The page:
We live in a fast food world. We want everything hot, fast, and our way. Sometimes we treat each other like a fast food place. When we are not satisfied, we send them back. However, Kingdom relationships require something deeper. They require covenantal mindsets.

A contract is a deal. For example, I love bacon cheeseburgers. One day I went to a burger place and ordered a bacon cheeseburger. In exchange for my money, the cashier gave me a burger. I found a nice quiet place in the restaurant to enjoy my burger. I unwrapped it, mouth salivating in anticipation of that juicy 100% all beef patty topped with crisp bacon and melted cheese with no annoying vegetables to get in the way. I took a bite, sat back in my chair to enjoy, but there was something missing. No bacon. I looked at my receipt to see if she had wrung my order up right. Yep, there it was an extra .33 for bacon. I took the sandwich back to the counter and showed my receipt and they gave me a new burger with bacon of course.

I made a contract. I agreed to pay a certain amount for a bacon cheeseburger; they agreed to deliver a product.  They didn’t hold up their end of the deal which gave me every right to demand my product or a refund. However, a covenant is very different.

A covenant is still an agreement. Unlike a contract, which is dependent on the other party fulfilling their end, a covenant puts the responsibility on us. Take marriage for example. I made a covenant with my wife Charmayne and despite her “performance,” I will always hold up my end by loving, protecting, and providing for her. I keep my promise despite how she may make me feel. I told her “I do,” I did not say, “I do if” I can’t return my wife for a refund. Could you imagine the look on her father’s face if I tried? Luckily I’m a very blessed man and wouldn’t dream of it! Marriage is the most common covenant we make, but it’s not the only one.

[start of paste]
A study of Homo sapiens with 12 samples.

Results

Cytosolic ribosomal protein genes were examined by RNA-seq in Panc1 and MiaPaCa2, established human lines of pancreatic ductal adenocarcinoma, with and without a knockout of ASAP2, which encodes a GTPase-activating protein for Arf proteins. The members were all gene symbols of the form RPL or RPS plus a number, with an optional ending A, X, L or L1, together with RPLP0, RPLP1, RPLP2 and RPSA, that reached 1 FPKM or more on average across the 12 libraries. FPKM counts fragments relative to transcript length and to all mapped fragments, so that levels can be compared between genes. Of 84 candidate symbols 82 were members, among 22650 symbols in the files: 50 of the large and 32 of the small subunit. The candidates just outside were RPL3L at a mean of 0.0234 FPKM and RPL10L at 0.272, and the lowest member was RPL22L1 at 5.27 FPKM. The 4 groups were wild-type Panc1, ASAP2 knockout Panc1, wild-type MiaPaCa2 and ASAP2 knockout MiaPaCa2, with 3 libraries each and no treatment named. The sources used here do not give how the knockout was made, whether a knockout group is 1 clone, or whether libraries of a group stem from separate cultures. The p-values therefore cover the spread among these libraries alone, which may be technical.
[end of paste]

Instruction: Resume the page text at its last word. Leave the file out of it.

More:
Ruth made a powerful covenant to her mother in law. Just to give some context Ruth’s mom Naomi lost everything. She lost her husband and sons to illness. It’s pretty rough to be a single woman pass child bearing age in that time. Ruth was one of Naomi’s daughters in laws. Ruth had absolutely no reason to stay with Naomi but she chooses to remain by her side even after Naomi encouraged her to leave. In response to Naomi’s pleading Ruth said, “Do not urge me to leave you or to return from following you. For where you go I will go, and where you lodge I will lodge. Your people shall be my people, and your God my God. Where you die I will die, and there will I be buried. May the LORD do so to me and more also if anything but death parts me from you.”  Ruth 1:16-17

Ruth had no reason to stay. She was about to leave her people, family, and everything familiar to follow an old woman into a foreign land. But, as we will see on this road from contract to covenant, God looked favorably on her and she would bless many for generations by her selfless act.  We can learn about covenant relationships through the story of Ruth.